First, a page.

Weather forecasters may not get the same level of recognition as more high-profile public servants like doctors or fire fighters – you don’t often hear small boys saying “when I grow up I want to be a weather man” – but as far as I’m concerned, the guys and girls at the Met Office are more-or-less gods. These islands of ours, with their mischievously unpredictable maritime climate, must be one of the toughest places in the world to try and second-guess Mother Nature, and yet day after day, month after month, year after year, these unsung heroes manage to give us incredibly precise information about what’s coming our way.
So far January 2015 has been mostly storm and tempest, but there have been occasional breaks in the weather, and thanks to the accuracy of the Met Office’s hour-by-hour predictions, (combined with the more mountain-specific information provided by the Mountain Weather Information Service) with a little patience and flexibility it has been possible to make the most of these fleeting moments of calm.
True, grabbing a few hours of hill time in between blizzards is no substitute for a full day, but like most skiers and snowboarders, I find sliding downhill tends to be significantly more fun when you can see where you’re going. You don’t need the weather to be perfect for very long, either. If it’s snowing hard and blowing a hoolie as you hike along a well-marked trail to gain access to your hill of choice, who cares? Ditto when you’re walking back along the same trail in the opposite direction. The bit you need your weather window for is the bit in the middle, where you pick your line, climb up it and then slide down. If the sky clears for that portion of your day, you’ll happily put up with pretty much anything for the rest.
And once you start getting into it, chasing weather windows can actually be fun – almost an end in itself. Just as storm chasers in the Midwest get a kick out of putting themselves in the path of oncoming tornadoes, so weather window chasers get a kick out doing almost the exact opposite: carefully timing their expeditions to coincide with that precious couple of hours when the snow/rain/hail/sleet lets up and the wind dies down.
Having said all that, it would of course be deeply irresponsible to go weather window chasing without being prepared for the worst. The conditions in the hills often bear little relation to conditions in the valleys, and while the forecasting gods at the Met Office may well have nailed the weather for, say, Aviemore, those predictions won’t necessarily hold true for the Cairngorm Plateau (in fact, they almost certainly won’t.)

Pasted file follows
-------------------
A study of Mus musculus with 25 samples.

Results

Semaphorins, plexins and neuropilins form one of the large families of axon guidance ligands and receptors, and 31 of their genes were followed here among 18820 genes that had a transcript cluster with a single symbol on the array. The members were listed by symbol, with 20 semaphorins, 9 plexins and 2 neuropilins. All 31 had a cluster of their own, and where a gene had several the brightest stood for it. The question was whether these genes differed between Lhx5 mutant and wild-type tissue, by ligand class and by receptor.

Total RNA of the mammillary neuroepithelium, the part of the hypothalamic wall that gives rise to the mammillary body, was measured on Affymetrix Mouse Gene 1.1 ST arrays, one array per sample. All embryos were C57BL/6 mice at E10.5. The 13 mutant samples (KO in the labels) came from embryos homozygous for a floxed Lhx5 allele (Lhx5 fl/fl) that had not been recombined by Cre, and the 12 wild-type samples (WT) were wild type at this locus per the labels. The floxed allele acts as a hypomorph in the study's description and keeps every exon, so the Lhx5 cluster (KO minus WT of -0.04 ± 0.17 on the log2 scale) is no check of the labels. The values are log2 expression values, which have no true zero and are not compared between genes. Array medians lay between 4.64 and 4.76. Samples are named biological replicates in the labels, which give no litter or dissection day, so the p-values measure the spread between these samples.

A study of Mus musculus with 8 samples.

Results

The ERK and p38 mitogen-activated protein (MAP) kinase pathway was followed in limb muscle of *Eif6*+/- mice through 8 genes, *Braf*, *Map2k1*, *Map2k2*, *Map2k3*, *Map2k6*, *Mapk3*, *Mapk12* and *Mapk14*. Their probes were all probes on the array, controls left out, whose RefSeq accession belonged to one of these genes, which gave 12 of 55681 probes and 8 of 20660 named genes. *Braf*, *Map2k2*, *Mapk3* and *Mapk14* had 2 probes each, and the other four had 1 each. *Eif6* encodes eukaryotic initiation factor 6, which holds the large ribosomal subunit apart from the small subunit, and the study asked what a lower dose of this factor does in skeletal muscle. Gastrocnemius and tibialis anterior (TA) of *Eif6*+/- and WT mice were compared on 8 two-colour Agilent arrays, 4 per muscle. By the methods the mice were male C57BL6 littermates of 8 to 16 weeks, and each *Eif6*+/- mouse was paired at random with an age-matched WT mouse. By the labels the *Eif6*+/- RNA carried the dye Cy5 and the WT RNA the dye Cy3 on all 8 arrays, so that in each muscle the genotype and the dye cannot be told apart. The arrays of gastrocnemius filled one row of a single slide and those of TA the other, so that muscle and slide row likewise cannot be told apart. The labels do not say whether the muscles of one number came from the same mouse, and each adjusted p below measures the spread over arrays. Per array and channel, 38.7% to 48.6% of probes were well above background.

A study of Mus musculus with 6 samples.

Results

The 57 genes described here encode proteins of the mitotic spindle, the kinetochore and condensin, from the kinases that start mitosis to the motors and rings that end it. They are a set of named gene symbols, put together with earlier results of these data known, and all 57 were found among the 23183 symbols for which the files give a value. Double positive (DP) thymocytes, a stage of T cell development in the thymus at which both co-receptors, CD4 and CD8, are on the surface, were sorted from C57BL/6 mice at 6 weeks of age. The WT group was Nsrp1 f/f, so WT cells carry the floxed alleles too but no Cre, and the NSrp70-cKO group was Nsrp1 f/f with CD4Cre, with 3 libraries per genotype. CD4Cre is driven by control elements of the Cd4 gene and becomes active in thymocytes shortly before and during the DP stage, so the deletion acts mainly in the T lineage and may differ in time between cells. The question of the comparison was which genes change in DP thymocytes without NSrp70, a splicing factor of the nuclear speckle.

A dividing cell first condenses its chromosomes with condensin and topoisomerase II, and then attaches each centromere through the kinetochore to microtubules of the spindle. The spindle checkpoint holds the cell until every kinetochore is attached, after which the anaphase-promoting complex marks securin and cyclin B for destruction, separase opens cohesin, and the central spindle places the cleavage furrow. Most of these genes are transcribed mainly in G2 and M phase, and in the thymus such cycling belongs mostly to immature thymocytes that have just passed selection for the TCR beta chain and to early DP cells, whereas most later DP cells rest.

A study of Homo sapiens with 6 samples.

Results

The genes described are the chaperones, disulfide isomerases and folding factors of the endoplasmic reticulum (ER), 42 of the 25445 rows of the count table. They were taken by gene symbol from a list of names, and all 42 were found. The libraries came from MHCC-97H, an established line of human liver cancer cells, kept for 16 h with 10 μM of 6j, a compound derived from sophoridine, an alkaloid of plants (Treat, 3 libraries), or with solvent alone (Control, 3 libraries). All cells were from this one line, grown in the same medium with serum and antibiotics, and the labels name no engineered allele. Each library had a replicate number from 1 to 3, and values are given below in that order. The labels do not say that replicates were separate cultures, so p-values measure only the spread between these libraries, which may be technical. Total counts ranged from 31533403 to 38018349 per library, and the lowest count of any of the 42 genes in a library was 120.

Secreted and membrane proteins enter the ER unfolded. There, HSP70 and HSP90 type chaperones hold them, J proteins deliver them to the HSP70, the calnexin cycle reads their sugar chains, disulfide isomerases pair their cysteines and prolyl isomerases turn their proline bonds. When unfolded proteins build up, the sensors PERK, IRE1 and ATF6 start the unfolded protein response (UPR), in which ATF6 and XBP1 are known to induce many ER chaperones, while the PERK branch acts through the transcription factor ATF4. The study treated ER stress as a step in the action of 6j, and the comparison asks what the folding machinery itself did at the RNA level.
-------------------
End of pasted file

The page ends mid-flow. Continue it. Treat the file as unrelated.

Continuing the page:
I say all this as a weather window chaser who recently had the smile wiped unceremoniously off his face after a decent winning streak was brought to an end by a forecast-busting blizzard. Following a Saturday night of screaming gales, the Sunday morning seemed to promise a usable-looking few hours before more wind, sleet and snow moved in at around midday – certainly more than enough time to get a slide in before lunch.
The ideal end to a day of weather window chasing goes like this: jump into the car, slam the door, turn on the engine and then watch as the wind picks up and the first few snowflakes from the storm you’ve just dodged are hurled onto the windscreen. Unfortunately we experienced that in reverse: the snow and wind started just as we pulled into the car park. We decided to go anyway, initially hoping that this was just a rogue squall – either a straggler from the night before or an outrider of the afternoon’s fun and games. But no, we soon realised this was our weather window slamming shut. Conditions for the drive had been perfect – calm, and if not exactly sunny then at least fairly bright – but conditions on the hill were anything but. We had sleet for the early part of the climb, a roaring blizzard of fat, wet snowflakes at the top and then sleet again for the return to the car. In terms of weather window chasing, it was an abject defeat, but it did at least allow us to pinpoint the places where our gear was shipping water. Next time we miss our window, at least we’ll stay dry.